A Swiss lawyer who was the U.S. government’s star witness in the 2009 bribery trial of American businessman Frederic Bourke resigned from the board of Hyposwiss Private Bank Ltd. amid allegations that he orchestrated a new money-laundering scheme.
Bodmer pleaded guilty to money laundering and testified for U.S. prosecutors at Bourke’s 2009 trial for paying bribes in a decade-old oil deal in Azerbaijan. This year, Bodmer was reappointed to Hyposwiss’s board, on which he’d sat while structuring bribes in the 1998 oil deal. Separately, in August Russian billionaire Oleg Deripaska filed a legal complaint in Switzerland saying Bodmer organized a scheme to loot MMC Norilsk Nickel (GMKN) OJSC, a nickel producer in which Deripaska invests.
“It’s obviously in our interest to clear this up as quickly as possible,” Roland Ledergerber, chairman of St. Galler Kantonalbank and chairman of the administrative board at Hyposwiss, said in a conference call today. Bodmer’s new alleged laundering scheme was done at a time when he “was not active as director of Hyposwiss Private bank,” the bank’s statement said.
The resignation comes six days before a New York judge hears arguments on Bourke’s claim, filed in March, that Bodmer lied at the bribery trial. Ellen Davis, a spokeswoman for U.S. Attorney Preet Bharara in New York, whose office prosecuted the Bourke bribery case, declined to comment. Bourke is appealing his conviction for conspiracy to pay bribes in the oil deal.
Bodmer’s lawyer, Saul Pilchen, didn’t immediately return a call. A spokesman for the lawyer who brought the suit against Bodmer, Hans Baumgartner, declined to comment on Bodmer’s resignation.
After pleading guilty in the U.S. and agreeing to testify against Bourke, Bodmer was allowed to return to Zurich to resume his law practice. According to Deripaska’s complaint, he did work in 2010 for billionaire Vladimir Potanin and his Interros Holding Co., which holds about 30 percent of Norilsk. Deripaska’s United Co. Rusal, the world’s largest aluminum producer, owns 25 percent of Norilsk. The two are fighting over control.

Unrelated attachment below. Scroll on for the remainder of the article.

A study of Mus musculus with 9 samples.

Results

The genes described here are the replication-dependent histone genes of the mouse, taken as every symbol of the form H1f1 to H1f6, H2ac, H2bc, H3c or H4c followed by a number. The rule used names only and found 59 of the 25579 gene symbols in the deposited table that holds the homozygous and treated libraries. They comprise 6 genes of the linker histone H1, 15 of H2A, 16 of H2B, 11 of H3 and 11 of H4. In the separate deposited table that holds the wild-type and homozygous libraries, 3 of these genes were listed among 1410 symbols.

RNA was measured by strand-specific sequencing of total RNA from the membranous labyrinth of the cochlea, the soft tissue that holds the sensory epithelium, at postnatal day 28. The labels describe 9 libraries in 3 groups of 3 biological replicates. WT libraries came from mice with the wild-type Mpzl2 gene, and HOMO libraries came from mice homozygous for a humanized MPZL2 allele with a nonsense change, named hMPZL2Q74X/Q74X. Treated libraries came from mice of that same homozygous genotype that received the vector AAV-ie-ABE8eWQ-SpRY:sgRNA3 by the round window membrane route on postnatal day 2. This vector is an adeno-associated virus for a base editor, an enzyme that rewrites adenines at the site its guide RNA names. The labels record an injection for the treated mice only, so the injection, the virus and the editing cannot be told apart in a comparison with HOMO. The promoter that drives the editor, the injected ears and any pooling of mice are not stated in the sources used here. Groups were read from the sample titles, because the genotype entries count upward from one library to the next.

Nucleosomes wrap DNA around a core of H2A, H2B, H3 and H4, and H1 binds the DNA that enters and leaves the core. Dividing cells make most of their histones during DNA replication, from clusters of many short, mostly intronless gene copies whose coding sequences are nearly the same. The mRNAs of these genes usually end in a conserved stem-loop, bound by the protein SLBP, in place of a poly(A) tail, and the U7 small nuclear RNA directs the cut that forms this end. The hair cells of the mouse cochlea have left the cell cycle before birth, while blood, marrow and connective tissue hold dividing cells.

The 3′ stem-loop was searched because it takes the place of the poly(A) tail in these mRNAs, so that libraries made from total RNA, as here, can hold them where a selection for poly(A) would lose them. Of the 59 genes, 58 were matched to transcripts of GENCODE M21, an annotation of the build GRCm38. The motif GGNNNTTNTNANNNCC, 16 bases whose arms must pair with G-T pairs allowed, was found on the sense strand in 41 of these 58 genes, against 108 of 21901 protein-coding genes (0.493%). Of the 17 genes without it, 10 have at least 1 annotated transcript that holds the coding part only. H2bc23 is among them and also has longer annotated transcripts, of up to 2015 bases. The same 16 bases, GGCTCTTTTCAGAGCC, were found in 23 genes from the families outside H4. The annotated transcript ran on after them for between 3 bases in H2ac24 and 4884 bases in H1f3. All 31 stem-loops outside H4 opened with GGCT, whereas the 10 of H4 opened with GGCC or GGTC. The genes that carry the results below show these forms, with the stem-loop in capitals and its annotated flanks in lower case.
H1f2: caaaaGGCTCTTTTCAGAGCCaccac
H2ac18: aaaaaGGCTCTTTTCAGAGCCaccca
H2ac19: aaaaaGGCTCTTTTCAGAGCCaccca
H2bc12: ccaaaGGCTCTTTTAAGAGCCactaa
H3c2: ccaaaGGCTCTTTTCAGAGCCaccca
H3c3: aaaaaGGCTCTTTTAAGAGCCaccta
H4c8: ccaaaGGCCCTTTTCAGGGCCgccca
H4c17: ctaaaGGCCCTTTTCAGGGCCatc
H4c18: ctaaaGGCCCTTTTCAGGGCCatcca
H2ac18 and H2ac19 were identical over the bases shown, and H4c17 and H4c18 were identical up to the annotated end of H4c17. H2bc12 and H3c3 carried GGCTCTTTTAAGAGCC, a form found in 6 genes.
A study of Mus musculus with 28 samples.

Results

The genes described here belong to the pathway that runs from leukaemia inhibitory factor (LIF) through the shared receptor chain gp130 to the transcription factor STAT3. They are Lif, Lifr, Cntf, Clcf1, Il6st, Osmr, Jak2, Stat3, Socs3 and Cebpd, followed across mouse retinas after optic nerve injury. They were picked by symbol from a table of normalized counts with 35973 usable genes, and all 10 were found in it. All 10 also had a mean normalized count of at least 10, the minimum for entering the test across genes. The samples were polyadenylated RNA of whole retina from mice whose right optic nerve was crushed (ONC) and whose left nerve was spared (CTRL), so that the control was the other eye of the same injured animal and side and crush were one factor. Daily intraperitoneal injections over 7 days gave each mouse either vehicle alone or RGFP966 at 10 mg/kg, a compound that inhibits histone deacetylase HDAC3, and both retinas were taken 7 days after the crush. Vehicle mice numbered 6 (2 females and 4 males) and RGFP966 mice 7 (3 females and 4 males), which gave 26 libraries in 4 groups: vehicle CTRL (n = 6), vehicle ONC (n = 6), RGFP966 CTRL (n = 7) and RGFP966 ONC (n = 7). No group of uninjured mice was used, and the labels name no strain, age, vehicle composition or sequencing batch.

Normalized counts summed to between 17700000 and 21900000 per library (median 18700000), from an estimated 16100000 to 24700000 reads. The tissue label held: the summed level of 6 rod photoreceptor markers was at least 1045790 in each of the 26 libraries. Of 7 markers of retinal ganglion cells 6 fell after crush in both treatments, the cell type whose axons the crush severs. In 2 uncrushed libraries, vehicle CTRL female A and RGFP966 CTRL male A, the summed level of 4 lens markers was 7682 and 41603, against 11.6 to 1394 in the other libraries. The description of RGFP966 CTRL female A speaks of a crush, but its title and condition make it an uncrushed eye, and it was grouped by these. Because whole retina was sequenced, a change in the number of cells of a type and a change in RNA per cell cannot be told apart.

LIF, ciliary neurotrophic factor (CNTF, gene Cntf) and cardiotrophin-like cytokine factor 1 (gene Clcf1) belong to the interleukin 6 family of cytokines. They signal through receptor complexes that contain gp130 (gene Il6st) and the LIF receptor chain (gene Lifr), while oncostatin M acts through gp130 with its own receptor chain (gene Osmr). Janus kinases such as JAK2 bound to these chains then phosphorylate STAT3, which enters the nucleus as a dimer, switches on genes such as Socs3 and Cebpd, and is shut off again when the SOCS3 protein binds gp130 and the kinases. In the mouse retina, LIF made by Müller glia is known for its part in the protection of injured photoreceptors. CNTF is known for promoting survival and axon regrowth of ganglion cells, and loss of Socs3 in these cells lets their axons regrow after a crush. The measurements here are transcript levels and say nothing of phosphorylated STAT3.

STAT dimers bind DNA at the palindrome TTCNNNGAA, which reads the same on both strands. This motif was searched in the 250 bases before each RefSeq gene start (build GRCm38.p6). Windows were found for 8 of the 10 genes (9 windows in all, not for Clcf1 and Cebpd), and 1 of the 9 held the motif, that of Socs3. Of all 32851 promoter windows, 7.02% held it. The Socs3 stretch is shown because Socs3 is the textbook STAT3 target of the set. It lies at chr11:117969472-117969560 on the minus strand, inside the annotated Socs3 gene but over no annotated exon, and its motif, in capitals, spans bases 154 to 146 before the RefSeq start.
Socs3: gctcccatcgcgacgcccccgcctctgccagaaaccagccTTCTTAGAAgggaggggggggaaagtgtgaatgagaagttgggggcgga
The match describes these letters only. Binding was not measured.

Deripaska’s complaint claimed Bodmer helped loot Norilsk, the largest producer of the metal, using “a remarkably large number of offshore companies” that Bodmer set up. At the Bourke trial, Bodmer also testified about offshore companies that he established in 1998 to help the oil deal’s promoter, Viktor Kozeny, pay bribes to Azeri leaders.
Ledergerber said on today’s conference call that the bank’s auditor, PricewaterhouseCoopers, will “investigate the issue” and report to the bank’s board in coming weeks. The bank said in its statement that it’s not suspected of wrongdoing and that Swiss prosecutors have rejected Deripaska’s complaint that Potanin and Bodmer stole $1 billion from Norlisk.
Deripaska subsequently brought the complaint to the Swiss Financial Market Supervisory Authority.
“We’re cooperating fully with FINMA,” Ledergerber said.
When Hyposwiss reappointed Bodmer to its board this earlier this year, the bank cited his “years of management experience in private banking.” At the time, Bodmer’s lawyer, Pilchen, said Bodmer’s involvement in the Bourke case and oil deal “did not involve any violations of Swiss law.”
Bourke, the co-founder of handbag maker Dooney & Bourke, was convicted in 2009 of conspiring to violate the Foreign Corrupt Practices Act, a U.S. anti-bribery law, and sentenced to a year in prison.
Kozeny, who was also charged by U.S. prosecutors, is fighting extradition from the Bahamas to the U.S. The U.K.-based Privy Council, the final appeals court for some Commonwealth nations, will hear arguments on Nov. 23 over the U.S. request to extradite Kozeny.
Bodmer has yet to be sentenced for money laundering over his role in Kozeny’s bribery scheme. The case is pending as prosecutors wait to see whether Kozeny will be extradited. Bodmer has agreed to testify against Kozeny.
The Bourke case is U.S. v. Bourke, 05-cr-00518, U.S. District Court, Southern District of New York (Manhattan).